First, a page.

Lucy Woollons is co-founder of Aragon Active. A husband and wife team providing special interest holidays and activity holidays for small groups in the Spanish Pyrenees. A keen snowshoe walker, Lucy will share some of her top tips, starting with What to Wear Snowshoeing.
Snowshoeing offers many benefits, from escaping the crowds on the ski slopes to getting a fitness workout during the winter months. It is a winter sport that’s easy to do and is suitable for both children and adults, young and old. In fact, I was even snowshoeing when I was pregnant! If you enjoy walking and have an average level of fitness, you will love snowshoeing.
Snowshoeing in and around the National Park of Ordesa, where Simon and I live, is very special.
The winter reveals the true geology of this amazing landscape and the snow beautifully highlights the folds and layers of the mountains. The contrast with clear blue skies is dramatic.
We often have to pinch ourselves, and it is only when we see vultures soaring overhead, that we’re reminded we are snowshoeing in the Spanish Pyrenees.
This is a Spain few people know, but one we would love to share with you on our Winter Walking Holiday.
Layer up and keep dry
Choosing what to wear snowshoeing is like any other winter sport. It’s important to wear clothes that are easy to move in, but keep you dry and at the right temperature. Layers are the key.
Although you need to insulate your body from the cold, it is amazing how warm you can get, particularly walking uphill and in the sunshine. You will therefore need to take layers off and on, to regulate your body temperature.
As with walking, the last thing you want to do is overheat, as this will result in excessive sweating that will cool you down too much when you stop, slow down or are snowshoeing in the shade.
Like other winter sports, when choosing what to wear snowshoeing, wicking breathable materials are best. Avoid cotton as it will only chill the body if it gets damp with sweat. Wool, however, is a natural wicking fibre (it certainly works well on the local sheep here in the winter!) as well as a great thermal insulator, and is great in socks.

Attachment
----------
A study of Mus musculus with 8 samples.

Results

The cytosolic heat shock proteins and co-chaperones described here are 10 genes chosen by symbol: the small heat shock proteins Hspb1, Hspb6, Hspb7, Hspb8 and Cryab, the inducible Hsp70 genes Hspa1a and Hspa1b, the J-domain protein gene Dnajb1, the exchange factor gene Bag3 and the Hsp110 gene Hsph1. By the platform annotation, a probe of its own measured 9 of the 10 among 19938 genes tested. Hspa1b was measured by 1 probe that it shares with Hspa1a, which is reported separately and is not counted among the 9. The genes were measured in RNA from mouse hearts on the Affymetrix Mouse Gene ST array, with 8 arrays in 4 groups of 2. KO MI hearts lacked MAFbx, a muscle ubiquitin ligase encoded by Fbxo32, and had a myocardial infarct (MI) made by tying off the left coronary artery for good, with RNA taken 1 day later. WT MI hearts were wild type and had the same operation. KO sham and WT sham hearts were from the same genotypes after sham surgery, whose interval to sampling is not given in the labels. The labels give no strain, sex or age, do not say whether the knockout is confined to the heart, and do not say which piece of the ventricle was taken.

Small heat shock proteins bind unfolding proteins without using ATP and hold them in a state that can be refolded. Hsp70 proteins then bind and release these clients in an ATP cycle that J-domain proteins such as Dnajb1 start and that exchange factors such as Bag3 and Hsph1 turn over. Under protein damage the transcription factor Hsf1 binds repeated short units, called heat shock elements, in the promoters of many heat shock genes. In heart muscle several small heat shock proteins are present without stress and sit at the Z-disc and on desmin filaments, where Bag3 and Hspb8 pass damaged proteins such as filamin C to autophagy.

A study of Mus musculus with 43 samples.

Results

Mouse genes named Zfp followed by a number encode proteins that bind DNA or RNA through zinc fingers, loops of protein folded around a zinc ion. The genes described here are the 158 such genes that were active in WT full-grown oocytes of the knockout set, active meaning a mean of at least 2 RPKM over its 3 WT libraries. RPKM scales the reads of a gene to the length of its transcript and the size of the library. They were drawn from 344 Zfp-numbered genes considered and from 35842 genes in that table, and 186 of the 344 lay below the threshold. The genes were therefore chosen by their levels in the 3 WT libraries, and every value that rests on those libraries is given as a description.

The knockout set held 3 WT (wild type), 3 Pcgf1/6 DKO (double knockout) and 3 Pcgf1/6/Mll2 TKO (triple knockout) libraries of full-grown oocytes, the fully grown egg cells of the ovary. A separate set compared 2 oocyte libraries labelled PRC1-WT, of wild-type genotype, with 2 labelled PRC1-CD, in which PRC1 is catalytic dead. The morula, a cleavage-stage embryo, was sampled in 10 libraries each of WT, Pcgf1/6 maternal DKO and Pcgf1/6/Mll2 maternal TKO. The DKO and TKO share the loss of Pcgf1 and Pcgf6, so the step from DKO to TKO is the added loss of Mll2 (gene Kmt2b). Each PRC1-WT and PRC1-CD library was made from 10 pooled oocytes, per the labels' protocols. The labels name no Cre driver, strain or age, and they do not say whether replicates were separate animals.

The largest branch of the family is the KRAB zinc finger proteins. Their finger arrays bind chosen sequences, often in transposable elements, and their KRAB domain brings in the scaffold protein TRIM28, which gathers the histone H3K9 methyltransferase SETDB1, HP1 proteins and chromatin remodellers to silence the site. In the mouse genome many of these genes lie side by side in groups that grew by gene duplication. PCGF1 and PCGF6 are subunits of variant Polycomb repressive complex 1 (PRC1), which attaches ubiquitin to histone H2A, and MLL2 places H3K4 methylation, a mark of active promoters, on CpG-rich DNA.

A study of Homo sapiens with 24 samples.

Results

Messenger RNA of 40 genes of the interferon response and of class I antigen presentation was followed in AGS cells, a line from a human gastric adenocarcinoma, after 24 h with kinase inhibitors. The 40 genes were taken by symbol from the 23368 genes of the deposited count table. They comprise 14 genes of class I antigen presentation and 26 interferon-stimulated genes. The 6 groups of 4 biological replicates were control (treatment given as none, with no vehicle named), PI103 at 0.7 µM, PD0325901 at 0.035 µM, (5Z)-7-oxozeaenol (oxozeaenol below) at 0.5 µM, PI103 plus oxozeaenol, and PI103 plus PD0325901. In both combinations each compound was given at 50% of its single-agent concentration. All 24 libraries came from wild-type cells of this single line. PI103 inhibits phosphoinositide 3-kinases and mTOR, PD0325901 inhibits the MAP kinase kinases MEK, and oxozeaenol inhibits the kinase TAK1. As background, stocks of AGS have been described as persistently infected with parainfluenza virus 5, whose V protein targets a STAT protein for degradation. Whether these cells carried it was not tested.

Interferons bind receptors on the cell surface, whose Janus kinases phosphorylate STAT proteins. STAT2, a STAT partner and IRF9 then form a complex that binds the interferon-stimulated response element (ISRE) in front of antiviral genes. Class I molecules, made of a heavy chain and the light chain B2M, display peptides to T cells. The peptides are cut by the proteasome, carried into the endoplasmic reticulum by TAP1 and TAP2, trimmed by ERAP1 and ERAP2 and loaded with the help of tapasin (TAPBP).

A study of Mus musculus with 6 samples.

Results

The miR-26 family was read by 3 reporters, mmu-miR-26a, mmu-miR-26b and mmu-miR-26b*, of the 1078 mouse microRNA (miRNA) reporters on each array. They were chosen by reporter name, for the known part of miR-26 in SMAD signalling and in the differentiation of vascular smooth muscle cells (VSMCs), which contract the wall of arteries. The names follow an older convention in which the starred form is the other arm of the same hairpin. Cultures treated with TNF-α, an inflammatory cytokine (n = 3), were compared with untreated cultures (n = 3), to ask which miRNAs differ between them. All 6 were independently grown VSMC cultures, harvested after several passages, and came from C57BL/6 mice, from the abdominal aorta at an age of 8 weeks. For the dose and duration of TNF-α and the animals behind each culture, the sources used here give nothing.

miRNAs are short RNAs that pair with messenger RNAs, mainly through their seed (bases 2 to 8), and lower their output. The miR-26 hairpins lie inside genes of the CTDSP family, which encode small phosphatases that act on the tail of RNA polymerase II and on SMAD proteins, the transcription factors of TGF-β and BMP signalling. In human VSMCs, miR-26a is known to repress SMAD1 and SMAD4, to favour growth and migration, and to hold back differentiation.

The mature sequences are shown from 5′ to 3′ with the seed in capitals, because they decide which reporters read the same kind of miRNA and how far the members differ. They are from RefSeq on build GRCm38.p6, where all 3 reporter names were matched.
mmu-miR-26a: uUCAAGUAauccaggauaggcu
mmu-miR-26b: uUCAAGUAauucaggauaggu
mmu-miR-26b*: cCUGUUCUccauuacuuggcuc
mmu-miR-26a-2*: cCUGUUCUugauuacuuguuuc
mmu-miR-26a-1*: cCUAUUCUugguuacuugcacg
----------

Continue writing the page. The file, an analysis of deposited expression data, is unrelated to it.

Remember, the aim is to stay dry on the inside as well as the outside.
Here is our recommended list of what to wear snowshoeing – from the bottom up!
On Your Feet
• Socks: Wearing socks that suit you and the conditions are vital for enjoying snowshoeing. Wool or synthetic socks are the best to keep feet warm and dry. If like me, you naturally suffer from cold feet try Bridgedale WoolFusion® Summit Socks. There is a whole world of socks out there to choose from, all depending on your needs and of course, your budget.
• Boots: For recreational snowshoeing, what I would call “normal snowshoeing,” sturdy waterproof boots with ankle support are essential.
Specific winter hiking boots are ideal. They tend to have rubber uppers and thicker rubber soles, and normally have a thicker lining for added insulation.
If you don’t want to splash out on winter boots, then a decent pair of year round hiking boots can work in conjunction with gaiters. Again, ensure they are waterproof (waxed if leather) and have a high enough ankle to stop the snow creeping in.
• Gaiters: Gaiters are invaluable for stopping the snow from finding its way into your socks. Particularly when going through deep snow, or when wearing standard hiking boots.
Gaiters are normally specified as “Mens” and “Womans,” (a bit narrower ) so double check when you buy to. It is also a good idea to try them with your boots to make sure they fit on properly.
Legs and Torso
• Base layer:Synthetic or soft wool wicking thermal top and leggings.
• Mid insulating layer: Polyester fleeces are ideal as they even retain heat when wet and are breathable . Take 2 thickness depending on the weather – the thinner one can pack up easily as a spare in the daypack. Zipped fleeces are an advantage for quickly adjusting the heat.
• Outer layer: A waterproof, breathable jacket and trousers provide a good windproof layer as well as waterproofing. I just use normal lightweight breathable waterproof trousers but you can buy specific snowshoeing trousers which have an elasticated lining at the ankles (like ski trousers) and built-in gaiters to hook directly onto your boots.
Head and Hands
• Hat – Woollen or synthetic. A peaked hat gives added protection from the sun.
• Buff – As extra insulation round the neck or head.
• Sunglasses and sunscreen – It may be winter but the UV rays are especially intense when reflected off the snow.
• Lip Salve -The cold mountain air is particularly drying on the lips.
• Gloves are essential. Ideally waterproof. It is always a good idea to pack an extra pair in the daysack, either to layer up if very cold or as a dry spare. Glove liners work well and are easy to wash, thus avoiding smelly waterproof gloves!
OK. You’re ready!
You have made your choices of what to wear snowshoeing, and now it is time to get out and play.
Have fun snowshoeing, and maybe I will see you on our own Snowshoeing and Winter Walking Holiday.